Mid-August Persian Cats (Weekly Links)

Yeah, so the last two Best-of-Year lists (1941 and 2000) were supposed to publish in consecutive weeks, not on the same day, as they did last Sunday. These things happen when you go away for a week, even though I swear I got the scheduling thing right. I was giving some film talks on a cruise ship that traveled from New Jersey to Bermuda. Maybe you already knew this, but Bermuda is very, very nice. Anyway, movies I reviewed for the Herald for the 4/30 week:

Mid-August Lunch. “Charming. Winsome. Adorable, even.”

No One Knows About Persian Cats. “A rough, unfinished quality, which suits the subject.”

Soundtrack for a Revolution. “Nothing beats the power of the archival footage.”

And one of those summer preview things.

1941 Ten Best Movies

I am not exactly a teacher but have have taught college classes and courses over the years. And I can tell you that there’s something special about the week when you come to actually teaching Citizen Kane; you’re walking toward the classroom and you’re thinking, here we go, mano a mano with the big kahuna, time to scale the mountain, let’s head into the labyrinth, and other such phrases. Of course there are other movies that are great to teach, but we’ve gotten used to the idea that Kane is the “Stairway to Heaven” of the movie polls, and thus represents an Everest that any film critic worth his/her salt must attempt. (Apologies now to the metaphor police.) Teaching it was fantastic.

The Best Picture Oscar that year went to How Green Was My Valley, which makes it probably the greatest movie ever to unjustly win Best Picture over a worthier film. Meanwhile, Preston Sturges contributes two classics, The Strawberry Blonde is a splendid Cagney picture that captures the flavor of director Raoul Walsh, and Hitchcock comes through with a very sinister film that isn’t mentioned enough among his best. And have you ever seen H.M. Pulham, Esq.? A lovely picture of a middle-aged success (played by Robert Young, who, oddly enough, is just exactly right) sifting through his memories and wondering whether he took the wrong road. King Vidor directed it, impeccably, and its reputation should be raised. Even if it comes in a year when one movie tends to eclipse the others. The ten best of 1941:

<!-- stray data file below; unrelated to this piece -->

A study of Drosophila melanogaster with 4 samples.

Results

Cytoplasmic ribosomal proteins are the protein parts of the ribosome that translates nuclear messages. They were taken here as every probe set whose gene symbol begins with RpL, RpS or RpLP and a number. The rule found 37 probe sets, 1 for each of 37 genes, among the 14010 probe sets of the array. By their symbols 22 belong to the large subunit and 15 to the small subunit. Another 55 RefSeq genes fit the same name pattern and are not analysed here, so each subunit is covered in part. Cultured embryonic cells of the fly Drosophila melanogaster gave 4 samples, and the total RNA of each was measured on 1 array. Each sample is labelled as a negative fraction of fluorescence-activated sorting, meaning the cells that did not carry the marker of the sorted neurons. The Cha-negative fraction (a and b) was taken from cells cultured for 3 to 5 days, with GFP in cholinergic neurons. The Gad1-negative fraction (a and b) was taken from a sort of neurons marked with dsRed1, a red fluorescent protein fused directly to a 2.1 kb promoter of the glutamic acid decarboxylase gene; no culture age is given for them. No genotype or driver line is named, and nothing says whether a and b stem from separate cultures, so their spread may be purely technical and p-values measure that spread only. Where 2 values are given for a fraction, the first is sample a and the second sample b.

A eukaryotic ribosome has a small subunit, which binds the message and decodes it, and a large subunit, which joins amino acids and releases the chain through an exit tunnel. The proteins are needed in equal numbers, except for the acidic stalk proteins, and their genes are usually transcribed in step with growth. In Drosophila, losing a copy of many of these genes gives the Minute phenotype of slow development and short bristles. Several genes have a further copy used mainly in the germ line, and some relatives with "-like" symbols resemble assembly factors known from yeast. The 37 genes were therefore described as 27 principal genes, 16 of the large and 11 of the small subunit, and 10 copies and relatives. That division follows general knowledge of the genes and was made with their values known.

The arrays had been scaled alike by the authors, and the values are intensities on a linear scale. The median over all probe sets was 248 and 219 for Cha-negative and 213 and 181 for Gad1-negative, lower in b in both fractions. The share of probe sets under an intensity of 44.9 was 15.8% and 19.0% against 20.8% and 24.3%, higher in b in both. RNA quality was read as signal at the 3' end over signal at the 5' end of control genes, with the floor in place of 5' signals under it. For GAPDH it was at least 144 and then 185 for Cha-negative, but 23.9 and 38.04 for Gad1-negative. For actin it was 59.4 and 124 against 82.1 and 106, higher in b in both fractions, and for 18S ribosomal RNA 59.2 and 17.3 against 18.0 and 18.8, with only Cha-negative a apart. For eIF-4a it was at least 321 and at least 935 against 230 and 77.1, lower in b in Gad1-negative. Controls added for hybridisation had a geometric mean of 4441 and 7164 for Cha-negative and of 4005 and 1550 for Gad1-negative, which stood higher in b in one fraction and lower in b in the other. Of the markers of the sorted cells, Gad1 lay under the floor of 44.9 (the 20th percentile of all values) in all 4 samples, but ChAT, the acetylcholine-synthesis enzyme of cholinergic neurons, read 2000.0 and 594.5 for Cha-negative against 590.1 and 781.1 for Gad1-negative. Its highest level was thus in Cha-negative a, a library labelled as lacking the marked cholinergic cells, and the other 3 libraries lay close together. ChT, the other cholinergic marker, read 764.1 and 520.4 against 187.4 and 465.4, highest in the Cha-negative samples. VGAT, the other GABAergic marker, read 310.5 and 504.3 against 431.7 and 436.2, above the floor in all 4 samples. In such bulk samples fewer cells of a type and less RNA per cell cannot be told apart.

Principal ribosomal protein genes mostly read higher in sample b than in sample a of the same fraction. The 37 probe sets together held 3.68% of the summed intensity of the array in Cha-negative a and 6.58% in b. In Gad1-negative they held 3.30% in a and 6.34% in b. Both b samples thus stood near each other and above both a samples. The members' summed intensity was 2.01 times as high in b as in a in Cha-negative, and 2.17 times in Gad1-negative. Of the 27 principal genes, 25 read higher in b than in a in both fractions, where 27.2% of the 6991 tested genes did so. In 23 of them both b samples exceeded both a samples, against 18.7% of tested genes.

1. Citizen Kane (Orson Welles)

2. How Green Was My Valley (John Ford)

3. The Maltese Falcon (John Huston)

4. Suspicion (Alfred Hitchcock)

5. 49th Parallel (Michael Powell)

6. Sullivan’s Travels (Preston Sturges)

7. The Strawberry Blonde (Raoul Walsh)

8. H.M. Pulham, Esq. (King Vidor)

9. Man Hunt (Fritz Lang)

10. The Lady Eve (Preston Sturges)

It’s a drag to leave off The Shanghai Gesture, a mad enterprise from Josef von Sternberg in his post-Dietrich phase. Also in the crowd: Jean Renoir’s Swamp Water, and two nifty films written by Billy Wilder and Charles Brackett: Ball of Fire (Howard Hawks directed) and Hold Back the Dawn (Mitchell Leisen). I like Meet John Doe, and Dumbo, and High Sierra; in the next tier down, I hold a soft spot for Universal’s classy-looking attempt to get the horrors going again, The Wolf Man, which looks pretty good compared to the recent remake; and Road to Zanzibar is one of the least politically correct of the Hope-Crosby “Road” movies, but it does have some funny patter.  At the zero-budget level, The Blood of Jesus, directed by Spencer Williams, Jr., is a melodrama from the African-American film circuit, and its low-budget rawness makes it seem like a blues song recorded in a tin shed – and it literally has the devil showing up at the crossroads.